The Super Bowl can only have one winner every year, but you can have more than one winner when it comes to Super Bowl ads.
This list may be premature — since not all of the 2020 Super Bowl spots are yet available online — but below are some of the best commercials I’ve seen this year so far.
Best Use of a Recognizable Accent: Hyundai, "Smaht Pahk"
Honestly, I can't figure out what either Boston or a Boston accent has to do with a Hyundai Sonota. But if you're willing to look past that and just appreciate a funny ad with a few great celebrities, this is a nice spot. More importantly, it highlights an interesting, useful, and differentiating feature of the car it's promoting in a memorable way, so that maybe you'll remember Hyundai the next time you're in the market for a new car. (You do remember that marketing is actually about selling more stuff, right?)
Most Likely to Make My Wife Cry: Google, "Loretta"
After seeing it first, I asked my wife to watch this ad; halfway through I heard a sob, and when I turned around to look at her face, she was in tears. (Me? I wasn't crying! My office is just really dusty.) Google has put together some really, really great ads in the past decade. This is one of them, although some will undoubtedly find the Google Assistant features showcased in the spot more than a little creepy.
Best Ad for a Product I Can't Buy: New York Life, "Love Takes Action"
This ad was a close runner-up for the "make my wife cry" category. (After I showed it to her, she showed me her arms: literal goosebumps.) It's a surprisingly emotional spot with a great message that's relevant for the company, and I can't say I've ever seen another insurance ad that resonated with me so well. Would it be enough for me to switch insurance companies? Well, New York Life isn't available in Canada... so I guess we'll never know.
Ad Most Likely to Make a Difference: Michael Bloomberg for President, "George"
This isn't at all intended to be a political post, but let's take just a moment to talk about this astounding Bloomberg ad. First, it's a full minute long, which means if it airs on Sunday, it may cost Bloomberg $11.4 million. Of course, that doesn't matter for him, because a) he has an estimated personal net worth of $60.5 billion, b) he's self-funding his bid to become the Democratic Nominee, and ultimately, the US President and c) according to the Washington Post, he's "promised to spend $100 million on a digital effort to defeat Trump in swing states." Second, this is an emotional spot... any parent is going to sit-up and pay attention once they realize what it's about. And third, it drives home a very powerful message at a very important time: Bloomberg isn't afraid of the gun lobby. At a time when many Americans are fed up with the number of school shootings and believe it's time to implement tougher gun laws, this ad clearly says that Bloomberg -- who very clearly doesn't need the gun lobby's money to either get or stay elected -- could be the one to make it happen. I'm not a political analyst, but I'll bet Bloomberg's poll numbers skyrocket next week.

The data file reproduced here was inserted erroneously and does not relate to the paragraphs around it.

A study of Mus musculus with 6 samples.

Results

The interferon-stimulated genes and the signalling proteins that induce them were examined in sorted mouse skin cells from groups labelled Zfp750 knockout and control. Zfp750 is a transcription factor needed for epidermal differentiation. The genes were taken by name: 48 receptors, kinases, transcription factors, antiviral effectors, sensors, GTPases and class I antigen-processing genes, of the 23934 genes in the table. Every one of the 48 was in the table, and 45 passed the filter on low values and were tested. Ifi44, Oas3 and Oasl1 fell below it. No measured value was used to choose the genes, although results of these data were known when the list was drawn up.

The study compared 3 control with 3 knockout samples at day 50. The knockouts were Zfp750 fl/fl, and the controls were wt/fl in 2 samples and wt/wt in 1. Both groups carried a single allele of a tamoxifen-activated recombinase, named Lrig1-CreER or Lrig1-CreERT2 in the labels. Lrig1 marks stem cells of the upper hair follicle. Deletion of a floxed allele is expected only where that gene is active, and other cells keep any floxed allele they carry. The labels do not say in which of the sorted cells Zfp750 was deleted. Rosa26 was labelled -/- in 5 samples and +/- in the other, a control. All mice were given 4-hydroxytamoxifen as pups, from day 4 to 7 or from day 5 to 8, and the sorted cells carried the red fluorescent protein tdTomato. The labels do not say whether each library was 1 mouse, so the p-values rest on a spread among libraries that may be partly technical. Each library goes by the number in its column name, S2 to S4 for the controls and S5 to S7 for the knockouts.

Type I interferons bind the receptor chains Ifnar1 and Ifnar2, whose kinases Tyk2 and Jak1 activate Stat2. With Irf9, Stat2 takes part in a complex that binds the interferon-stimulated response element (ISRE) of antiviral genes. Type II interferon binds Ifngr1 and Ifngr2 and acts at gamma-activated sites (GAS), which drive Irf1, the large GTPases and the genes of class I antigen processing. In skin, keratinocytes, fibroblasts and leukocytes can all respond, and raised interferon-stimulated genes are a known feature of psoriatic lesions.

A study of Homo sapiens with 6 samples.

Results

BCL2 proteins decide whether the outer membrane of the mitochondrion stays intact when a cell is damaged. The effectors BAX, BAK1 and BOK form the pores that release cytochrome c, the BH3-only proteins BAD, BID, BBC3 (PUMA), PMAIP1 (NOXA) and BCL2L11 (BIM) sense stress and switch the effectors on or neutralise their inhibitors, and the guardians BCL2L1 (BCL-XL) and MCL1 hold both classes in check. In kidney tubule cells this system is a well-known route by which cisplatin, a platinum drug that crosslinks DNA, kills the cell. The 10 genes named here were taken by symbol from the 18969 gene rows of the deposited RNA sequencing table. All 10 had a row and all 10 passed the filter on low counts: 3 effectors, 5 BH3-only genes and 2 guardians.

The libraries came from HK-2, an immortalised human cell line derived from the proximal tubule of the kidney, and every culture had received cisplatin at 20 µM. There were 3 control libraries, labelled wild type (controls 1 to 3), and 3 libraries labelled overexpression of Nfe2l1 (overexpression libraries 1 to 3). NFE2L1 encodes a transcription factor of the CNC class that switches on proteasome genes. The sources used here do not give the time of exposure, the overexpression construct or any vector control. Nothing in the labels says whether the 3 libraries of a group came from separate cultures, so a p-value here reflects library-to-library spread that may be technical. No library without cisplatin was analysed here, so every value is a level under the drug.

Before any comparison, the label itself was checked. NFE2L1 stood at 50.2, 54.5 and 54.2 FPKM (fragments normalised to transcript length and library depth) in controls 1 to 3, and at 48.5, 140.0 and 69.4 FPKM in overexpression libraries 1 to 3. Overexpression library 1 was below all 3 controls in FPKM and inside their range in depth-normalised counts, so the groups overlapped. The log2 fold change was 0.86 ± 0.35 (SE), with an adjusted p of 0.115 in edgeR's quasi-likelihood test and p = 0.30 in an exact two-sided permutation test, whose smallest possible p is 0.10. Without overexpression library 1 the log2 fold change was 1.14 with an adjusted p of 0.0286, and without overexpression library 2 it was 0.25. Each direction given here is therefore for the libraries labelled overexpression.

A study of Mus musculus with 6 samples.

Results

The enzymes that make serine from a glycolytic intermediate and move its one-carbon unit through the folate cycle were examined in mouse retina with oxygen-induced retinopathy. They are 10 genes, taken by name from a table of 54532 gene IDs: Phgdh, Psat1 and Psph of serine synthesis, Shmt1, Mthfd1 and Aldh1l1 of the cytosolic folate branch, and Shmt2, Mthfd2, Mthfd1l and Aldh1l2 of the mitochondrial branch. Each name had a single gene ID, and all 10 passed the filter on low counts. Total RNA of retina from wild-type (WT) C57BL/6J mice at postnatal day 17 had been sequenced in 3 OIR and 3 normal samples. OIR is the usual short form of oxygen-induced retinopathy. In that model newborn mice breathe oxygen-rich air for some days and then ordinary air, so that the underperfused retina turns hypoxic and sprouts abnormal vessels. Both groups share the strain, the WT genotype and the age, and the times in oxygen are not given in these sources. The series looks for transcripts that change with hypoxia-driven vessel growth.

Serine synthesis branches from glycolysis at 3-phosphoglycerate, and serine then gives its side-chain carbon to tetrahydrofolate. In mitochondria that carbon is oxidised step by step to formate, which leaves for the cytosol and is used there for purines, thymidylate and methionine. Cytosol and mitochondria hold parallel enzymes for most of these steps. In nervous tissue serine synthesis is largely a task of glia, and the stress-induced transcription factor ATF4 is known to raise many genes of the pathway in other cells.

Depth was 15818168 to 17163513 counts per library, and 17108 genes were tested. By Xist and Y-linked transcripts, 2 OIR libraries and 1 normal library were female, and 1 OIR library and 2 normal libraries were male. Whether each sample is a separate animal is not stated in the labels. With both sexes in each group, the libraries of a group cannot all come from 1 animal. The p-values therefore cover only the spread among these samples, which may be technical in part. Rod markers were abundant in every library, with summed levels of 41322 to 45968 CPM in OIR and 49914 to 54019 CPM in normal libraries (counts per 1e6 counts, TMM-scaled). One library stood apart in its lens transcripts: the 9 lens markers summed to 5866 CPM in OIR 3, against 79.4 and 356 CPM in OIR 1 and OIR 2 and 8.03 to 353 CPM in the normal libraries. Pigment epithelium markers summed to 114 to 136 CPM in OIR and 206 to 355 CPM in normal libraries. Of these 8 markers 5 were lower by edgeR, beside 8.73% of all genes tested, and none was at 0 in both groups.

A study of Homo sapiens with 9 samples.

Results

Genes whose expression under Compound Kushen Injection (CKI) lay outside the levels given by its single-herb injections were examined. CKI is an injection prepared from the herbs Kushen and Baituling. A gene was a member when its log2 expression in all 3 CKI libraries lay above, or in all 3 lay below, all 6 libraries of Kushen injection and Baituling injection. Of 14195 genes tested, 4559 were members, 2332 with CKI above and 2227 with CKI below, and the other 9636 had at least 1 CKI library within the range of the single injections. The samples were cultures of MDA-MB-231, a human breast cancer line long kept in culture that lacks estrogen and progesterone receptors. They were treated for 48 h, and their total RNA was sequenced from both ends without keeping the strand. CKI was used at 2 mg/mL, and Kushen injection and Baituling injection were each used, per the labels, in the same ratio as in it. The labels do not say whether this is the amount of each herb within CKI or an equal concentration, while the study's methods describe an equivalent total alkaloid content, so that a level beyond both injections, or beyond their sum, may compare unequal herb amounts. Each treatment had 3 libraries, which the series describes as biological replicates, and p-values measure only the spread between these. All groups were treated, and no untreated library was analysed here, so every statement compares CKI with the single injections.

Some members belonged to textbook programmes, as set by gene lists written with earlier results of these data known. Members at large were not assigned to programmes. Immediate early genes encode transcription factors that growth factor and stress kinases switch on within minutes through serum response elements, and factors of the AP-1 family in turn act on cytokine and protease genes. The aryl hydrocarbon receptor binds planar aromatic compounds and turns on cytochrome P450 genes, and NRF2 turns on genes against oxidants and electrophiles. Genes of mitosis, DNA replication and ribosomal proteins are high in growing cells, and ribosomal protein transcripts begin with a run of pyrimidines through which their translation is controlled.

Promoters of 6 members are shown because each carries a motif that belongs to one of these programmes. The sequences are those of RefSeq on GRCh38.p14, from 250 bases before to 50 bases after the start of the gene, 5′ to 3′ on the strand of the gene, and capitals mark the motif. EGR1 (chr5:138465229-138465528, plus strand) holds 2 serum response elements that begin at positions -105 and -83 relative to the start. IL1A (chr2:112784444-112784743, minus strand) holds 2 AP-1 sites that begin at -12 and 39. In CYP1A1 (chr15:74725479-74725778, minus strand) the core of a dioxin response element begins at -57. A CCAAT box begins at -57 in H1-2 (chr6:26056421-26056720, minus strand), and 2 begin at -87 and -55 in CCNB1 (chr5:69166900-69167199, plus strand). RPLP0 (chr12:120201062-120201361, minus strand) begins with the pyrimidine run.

Best Use of Pop Culture and Nostalgia: Wal-Mart, "Famous Visitors"
I can't love the entertainment industry as much as I do, and not include a spot that features characters from Toy Story, Star Wars, Star Trek, Bill & Ted's Excellent Adventure, and more. This is a pretty typical big-budget Super Bowl ad, but not every ad has to change the world, and this one does a nice job in delivering its "free, convenient pick-up at Wal-Mart" message in a light-hearted, entertaining way.
My Favourite Spot of the 2020 Superbowl (so far): Snickers, "#SnickersFixTheWorld"
Not every advertiser chooses to release their Super Bowl ads prior to the actual game, so I can't say for certain if this is going to be my favourite ad of the 2020 Big Game. But boy-o-boy did I like Snickers' "#SnickersFixTheWorld" spot!
"...the world is out of sorts, we need to fix it quicker... we're going to fix the world, but feeding it Snickers!"
Yes, that's an actual excerpt from the hilarious song performed in this spot. In a clear parody (homage?) to Coca-Cola's 1971 classic "Hilltop" spot, the Snickers ad has various characters singing outrageous lyrics as they come together for an outrageous finale. And that last bit at the end? That's comedic gold.
This is a terrific example of an "on-brand" ad with a relevant message -- "fix big problems with a Snickers" -- that I'm willing to bet will earn high preference and recall scores. Well done, Snickers... that was satisfying.
And there you have it! If you liked these ads and want to share them all with your friends, forward them this post!